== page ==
Larry Saxton | 2/11/2009, 11:22 a.m.


For nearly a century the Scurlock Studio, run first by Addison Scurlock and then followed by his sons, Robert and George, used their cameras to document and celebrate the uniqueness of their Washington, D.C. community, its challenges, victories, and determination. As a tribute, the National Museum of African American History and Culture and the National Museum of American History present the exhibition €The Scurlock Studio and Black Washington: Picturing the Promise.€

The exhibition, open through Nov. 15, is the first to be presented in the temporary gallery for the National Museum of African American History and Culture located in the newly renovated National Museum of American History. Included in the exhibit are more than 100 photographs, cameras and equipment from the studio, and period artifacts from the greater Washington area.
€I€m just so elated that the new museum has decided that the Scurlock exhibit would be their inaugural exhibit,€ Jacqueline Scurlock Colbert, granddaughter of Addison Scurlock, said. €I know that my grandfather, my father and my uncle would be so proud of this day.€
Originally from Fayetteville, N.C., Addison Scurlock moved to Washington, D.C. in 1900. He began his career as an apprentice with photographer Moses P. Rice, a White portraitist. In 1910, Addison Scurlock became the official photographer for Howard University, and a year later opened the Scurlock Studio on U Street in Northwest.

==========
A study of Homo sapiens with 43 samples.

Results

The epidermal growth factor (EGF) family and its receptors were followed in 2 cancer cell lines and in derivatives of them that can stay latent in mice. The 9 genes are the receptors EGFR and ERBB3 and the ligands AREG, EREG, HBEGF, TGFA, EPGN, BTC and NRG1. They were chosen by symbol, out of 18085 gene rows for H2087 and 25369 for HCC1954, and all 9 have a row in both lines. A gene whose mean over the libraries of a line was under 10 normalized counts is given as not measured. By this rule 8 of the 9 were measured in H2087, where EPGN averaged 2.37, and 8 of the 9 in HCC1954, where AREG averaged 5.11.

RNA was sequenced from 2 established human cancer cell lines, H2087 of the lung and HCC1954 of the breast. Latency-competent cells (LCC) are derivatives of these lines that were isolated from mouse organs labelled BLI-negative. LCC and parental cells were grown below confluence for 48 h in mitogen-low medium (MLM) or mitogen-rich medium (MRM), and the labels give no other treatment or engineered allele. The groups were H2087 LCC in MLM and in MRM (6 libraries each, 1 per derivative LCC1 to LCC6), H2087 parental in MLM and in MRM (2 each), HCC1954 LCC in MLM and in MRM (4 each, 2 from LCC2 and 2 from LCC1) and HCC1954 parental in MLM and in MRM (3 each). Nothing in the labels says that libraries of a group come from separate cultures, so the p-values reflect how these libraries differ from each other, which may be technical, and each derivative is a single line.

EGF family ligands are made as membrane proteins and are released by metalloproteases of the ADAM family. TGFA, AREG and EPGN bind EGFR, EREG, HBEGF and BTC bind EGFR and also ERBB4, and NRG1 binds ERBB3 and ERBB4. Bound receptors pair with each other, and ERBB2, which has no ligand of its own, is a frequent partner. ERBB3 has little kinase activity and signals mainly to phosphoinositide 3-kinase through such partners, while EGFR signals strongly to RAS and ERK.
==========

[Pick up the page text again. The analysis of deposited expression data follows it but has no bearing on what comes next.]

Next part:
Included in the exhibition are photographs of Marian Anderson singing on the steps of the Lincoln Memorial, a portrait of Duke Ellington at his piano, artist Lois Mailou Jones in her studio, a young Dr. Martin Luther King, Jr. at Rankin Chapel, and Bishop C.M. €Sweet Daddy€ Grace and his congregation of the United House of Prayer for All People.

There are photographs that show the range of subject content which the Scurlocks chose to photograph in Black Washington, from the €Waterfront, Washington, D.C.,€ and €Children playing behind houses with Capitol Dome in Background,€ to the photographs of Black businesses €Underwood Delicatessen,€ and the €Murray Brothers Print Company.€

Lonnie Bunch, director of the National Museum of African American History and Culture, said €Scurlock€s photographs captured the richness and the meaning of Black life in Washington, D.C., and ultimately, Addison, Robert and George Scurlock pictured a promise of an America where character might one day trump color.€

For more information, visit www.nmaahc.si.edu or call 202 633-1000, 202 633-5285 (TTY).
Larry Saxton can be reached at lsaxton@washingtoninformer.com.